Sep 17, 2023 Drinks
Some days I feel like the pandemic was worth it just for the video of Stanley Tucci making a Negroni in his gorgeous home. It was an Insta sensation. I’ll be honest, for me it was less about the Negroni and more about Stanley. Tanned, toned, geek-chic glasses, narrating in dulcet tones while he pours, piano music playing in the background, wry smile as he shakes it over ice, and then gently but firmly refusing to hand it over to his wife when it’s done. Living his best life. The Negroni life.
The Negroni is a challenging cocktail. A writer for Bon Appétit magazine once described it as “a secret handshake, a sign to bartenders that you knew what you liked, and how to order it”. A cocktail for serious cocktail drinkers. Why? Because we’re used to cocktails being peppy, sweet, fruity, brightly coloured and exotically garnished. The Negroni is a little of many of those things, but with a very straight face. It separates the men from the boys. It may be orange, but it’s a deep, dark, sometimes blood-tinged orange. Sweet, but oh so bitter.
There are only three ingredients in a Negroni: Campari, gin and sweet (red) vermouth. It’s a bartender’s dream — quick to build, few ingredients, no fancy glassware, and foolproof (as long as you subscribe to the theory that any fool can measure a shot, three times in quick succession). Our man Stanley, who is no fool, made his with a double shot of gin to one of vermouth and one of Campari. Each to their own. The Negroni can also be mixed and bottled in advance, leaving little to do except chill over ice before serving.
Campari. Too bitter? Too bad. That is the very point of a Negroni. It makes you hungry, like a good aperitivo should. There are plenty of other delicious bitter-ish Italian orange liqueurs out there. Some cheaper. Some less punchy. But none have the same bitter depth, subtlety and (God help me, I’m going to say it) mouthfeel — a viscosity that gives the cocktail a pleasing heft. I might make an exception for L’Opera, from Hawke’s Bay, which is the pick of quite a few joints in Auckland.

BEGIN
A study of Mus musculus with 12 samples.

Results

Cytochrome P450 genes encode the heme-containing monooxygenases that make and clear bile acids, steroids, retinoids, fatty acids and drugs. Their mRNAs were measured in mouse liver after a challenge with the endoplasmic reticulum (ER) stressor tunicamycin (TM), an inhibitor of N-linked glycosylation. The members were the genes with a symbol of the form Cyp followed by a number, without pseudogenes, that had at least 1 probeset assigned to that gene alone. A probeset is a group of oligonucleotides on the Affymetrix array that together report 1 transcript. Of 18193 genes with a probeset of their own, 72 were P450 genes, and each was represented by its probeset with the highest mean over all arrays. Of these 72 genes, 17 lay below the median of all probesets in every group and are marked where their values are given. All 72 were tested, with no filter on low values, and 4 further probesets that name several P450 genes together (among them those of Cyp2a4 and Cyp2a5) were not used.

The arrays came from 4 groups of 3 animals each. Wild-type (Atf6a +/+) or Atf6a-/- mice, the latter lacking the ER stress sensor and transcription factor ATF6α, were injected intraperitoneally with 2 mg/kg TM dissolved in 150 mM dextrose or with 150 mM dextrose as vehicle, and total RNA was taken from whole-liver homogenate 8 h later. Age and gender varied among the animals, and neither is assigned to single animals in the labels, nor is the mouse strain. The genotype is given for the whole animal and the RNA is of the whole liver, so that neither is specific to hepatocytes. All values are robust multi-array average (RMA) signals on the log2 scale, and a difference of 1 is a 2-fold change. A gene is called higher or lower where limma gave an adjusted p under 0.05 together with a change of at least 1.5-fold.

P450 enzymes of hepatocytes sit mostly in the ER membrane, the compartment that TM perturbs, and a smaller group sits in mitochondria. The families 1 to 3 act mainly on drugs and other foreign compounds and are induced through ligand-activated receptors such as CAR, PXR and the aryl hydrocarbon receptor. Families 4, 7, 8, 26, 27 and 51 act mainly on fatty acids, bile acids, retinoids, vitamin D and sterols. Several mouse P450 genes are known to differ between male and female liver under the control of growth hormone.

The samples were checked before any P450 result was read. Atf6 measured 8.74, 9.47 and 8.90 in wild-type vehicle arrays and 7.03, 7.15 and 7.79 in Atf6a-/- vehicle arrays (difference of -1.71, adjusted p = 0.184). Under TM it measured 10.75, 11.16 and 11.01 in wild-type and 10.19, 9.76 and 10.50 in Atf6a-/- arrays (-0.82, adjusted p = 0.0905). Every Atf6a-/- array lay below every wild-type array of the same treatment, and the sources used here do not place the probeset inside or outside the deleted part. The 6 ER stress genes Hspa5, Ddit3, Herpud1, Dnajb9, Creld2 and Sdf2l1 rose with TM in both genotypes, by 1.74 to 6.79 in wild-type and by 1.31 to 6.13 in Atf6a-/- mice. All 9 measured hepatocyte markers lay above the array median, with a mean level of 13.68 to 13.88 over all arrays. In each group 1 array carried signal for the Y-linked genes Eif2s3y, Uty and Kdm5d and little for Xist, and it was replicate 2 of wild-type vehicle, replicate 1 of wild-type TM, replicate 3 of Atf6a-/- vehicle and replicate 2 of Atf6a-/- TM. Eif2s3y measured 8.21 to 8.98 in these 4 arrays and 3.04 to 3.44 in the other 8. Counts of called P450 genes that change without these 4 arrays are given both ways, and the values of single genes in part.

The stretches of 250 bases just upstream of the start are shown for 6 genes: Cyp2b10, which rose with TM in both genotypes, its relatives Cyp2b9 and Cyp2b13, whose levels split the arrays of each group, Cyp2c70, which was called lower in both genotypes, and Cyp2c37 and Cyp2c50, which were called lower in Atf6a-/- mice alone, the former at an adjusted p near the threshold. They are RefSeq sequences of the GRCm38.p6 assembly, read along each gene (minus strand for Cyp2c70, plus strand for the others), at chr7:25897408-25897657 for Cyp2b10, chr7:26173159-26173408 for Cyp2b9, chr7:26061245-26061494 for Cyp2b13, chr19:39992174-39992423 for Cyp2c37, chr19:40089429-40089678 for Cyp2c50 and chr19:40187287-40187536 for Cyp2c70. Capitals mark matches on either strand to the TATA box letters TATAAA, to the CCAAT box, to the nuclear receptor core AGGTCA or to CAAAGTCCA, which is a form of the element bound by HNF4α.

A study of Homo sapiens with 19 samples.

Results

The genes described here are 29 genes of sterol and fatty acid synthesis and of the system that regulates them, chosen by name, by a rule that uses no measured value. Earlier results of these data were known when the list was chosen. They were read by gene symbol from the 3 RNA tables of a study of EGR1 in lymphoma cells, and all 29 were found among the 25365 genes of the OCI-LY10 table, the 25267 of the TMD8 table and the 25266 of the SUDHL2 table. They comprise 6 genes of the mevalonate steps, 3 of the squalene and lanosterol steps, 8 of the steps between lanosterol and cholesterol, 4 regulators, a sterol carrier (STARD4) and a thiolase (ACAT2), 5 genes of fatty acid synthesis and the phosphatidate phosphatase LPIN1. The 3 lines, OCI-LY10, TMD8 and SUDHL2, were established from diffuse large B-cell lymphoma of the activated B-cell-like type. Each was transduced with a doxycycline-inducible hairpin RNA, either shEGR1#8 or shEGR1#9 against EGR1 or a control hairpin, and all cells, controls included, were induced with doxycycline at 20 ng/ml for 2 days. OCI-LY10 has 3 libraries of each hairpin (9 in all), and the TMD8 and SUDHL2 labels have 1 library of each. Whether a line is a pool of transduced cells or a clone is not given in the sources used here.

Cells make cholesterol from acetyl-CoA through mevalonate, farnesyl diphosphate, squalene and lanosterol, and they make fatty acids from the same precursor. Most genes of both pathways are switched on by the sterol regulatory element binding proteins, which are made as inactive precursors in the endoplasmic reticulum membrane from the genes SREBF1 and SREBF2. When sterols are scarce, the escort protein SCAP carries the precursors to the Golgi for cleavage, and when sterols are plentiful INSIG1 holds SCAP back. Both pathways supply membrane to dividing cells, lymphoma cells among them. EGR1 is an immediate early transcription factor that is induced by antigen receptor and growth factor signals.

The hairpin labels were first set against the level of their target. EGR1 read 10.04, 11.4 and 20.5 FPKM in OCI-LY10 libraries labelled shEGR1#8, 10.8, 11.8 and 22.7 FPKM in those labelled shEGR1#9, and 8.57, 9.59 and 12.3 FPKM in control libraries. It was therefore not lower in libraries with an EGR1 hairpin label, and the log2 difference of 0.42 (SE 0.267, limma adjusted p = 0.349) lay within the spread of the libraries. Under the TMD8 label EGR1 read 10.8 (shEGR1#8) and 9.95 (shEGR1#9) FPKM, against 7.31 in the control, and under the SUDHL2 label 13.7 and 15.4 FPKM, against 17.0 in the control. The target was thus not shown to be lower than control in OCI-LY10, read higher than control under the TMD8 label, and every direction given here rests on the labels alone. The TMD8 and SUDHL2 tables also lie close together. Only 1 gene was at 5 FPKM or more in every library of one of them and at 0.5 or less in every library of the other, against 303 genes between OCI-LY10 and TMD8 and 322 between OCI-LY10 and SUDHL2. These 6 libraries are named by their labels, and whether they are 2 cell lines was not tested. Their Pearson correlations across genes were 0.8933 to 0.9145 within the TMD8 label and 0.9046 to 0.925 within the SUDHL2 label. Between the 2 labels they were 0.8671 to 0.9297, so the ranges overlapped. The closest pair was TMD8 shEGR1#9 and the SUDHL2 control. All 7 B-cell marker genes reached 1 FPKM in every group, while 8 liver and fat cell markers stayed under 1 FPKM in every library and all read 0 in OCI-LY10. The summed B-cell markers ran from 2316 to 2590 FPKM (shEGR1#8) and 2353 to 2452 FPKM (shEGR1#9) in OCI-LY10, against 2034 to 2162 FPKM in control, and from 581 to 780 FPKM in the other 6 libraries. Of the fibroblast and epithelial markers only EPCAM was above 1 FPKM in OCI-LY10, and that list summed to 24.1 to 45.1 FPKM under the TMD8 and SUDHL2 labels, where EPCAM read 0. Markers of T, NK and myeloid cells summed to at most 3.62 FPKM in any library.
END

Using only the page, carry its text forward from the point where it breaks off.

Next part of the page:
To my mind, the secret to a good Negroni is in the vermouth. The Bar Non Solo version is balanced and light, underpinned by the smooth vanilla notes of Carpano Antica Formula 1786, which claims to be one of the first vermouths ever made. An eminently drinkable and less challenging Negroni. The versions at Pici , Bossi and Cafe 39 opt for Cocchi di Torino, with deeper flavours from cacao, wormwood and dried rhubarb. Panacea and Caretaker blend vermouths.
Sweet or red vermouth is basically wine which has been fortified (doped up with grape spirit) and infused with herbs and roots. They range from the medicinally bitter, almost cola-coloured, through to sweeter, lighter and brighter versions. In a Negroni, it is the harmony of three bitter and herbaceous ingredients that matters. Too much bitter on bitter is counterproductive. Bittersweet is the goal. If you like more-intense versions, the Negroni at Pici and Ooh-Fa could put hairs on your chest. Personally, I find the combination of Victor gin and Cocchi di Torino a bit heavy-handed. To be sipped slowly, between mouthfuls of focaccia and gabagool (life is hard, I know). Apéro combines Victor with lighter Cocchi Rosa, which is beautiful. Bossi also has a smooth, elegant version with Tanqueray and Torino that I think strikes the balance and the antipasti perfectly.
I have a near-perfect memory, a few years ago, of standing in a 40°C kitchen at the height of summer, manning a pasta boiler and a six-burner gas stove, when someone handed me a sbagliato, a Negroni where the gin has been subbed out for prosecco. And oh my. What a revelation. It was refreshing, less intense, effervescent. A Negroni with training wheels, if you will. The story goes that a bartender building a Negroni one day accidentally reached for the prosecco instead of the gin, and the sbagliato was born — sbagliato means ‘mistaken’ or ‘broken’. If you put aside the absurdity of the idea that a bartender could ever mistake a prosecco bottle for a gin bottle, it is a nice story. Try the Baby Americano at Panacea — Campari, vermouth and soda, dressed with a chunky green olive. Bubbly and playful, it’s like a sbagliato and an Aperol spritz had a little Venetian baby.
Some cocktail bars are also putting their own spin on things, including in takeaway bottles. Clipper offers a Negroni laced with rhubarb syrup, while Caretaker makes a Ritz Negroni with the addition (albeit almost imperceptible) of absinthe. But I’m a purist. If I had to choose my favourite Auckland version, my money is on the Negroni at Cafe 39 in Ponsonby — Campari, divinely citrusy Larios 12 gin, Torino and a proper whiff of fresh orange oil from a twist of peel. Absolutely killer late-night stool-perching stuff.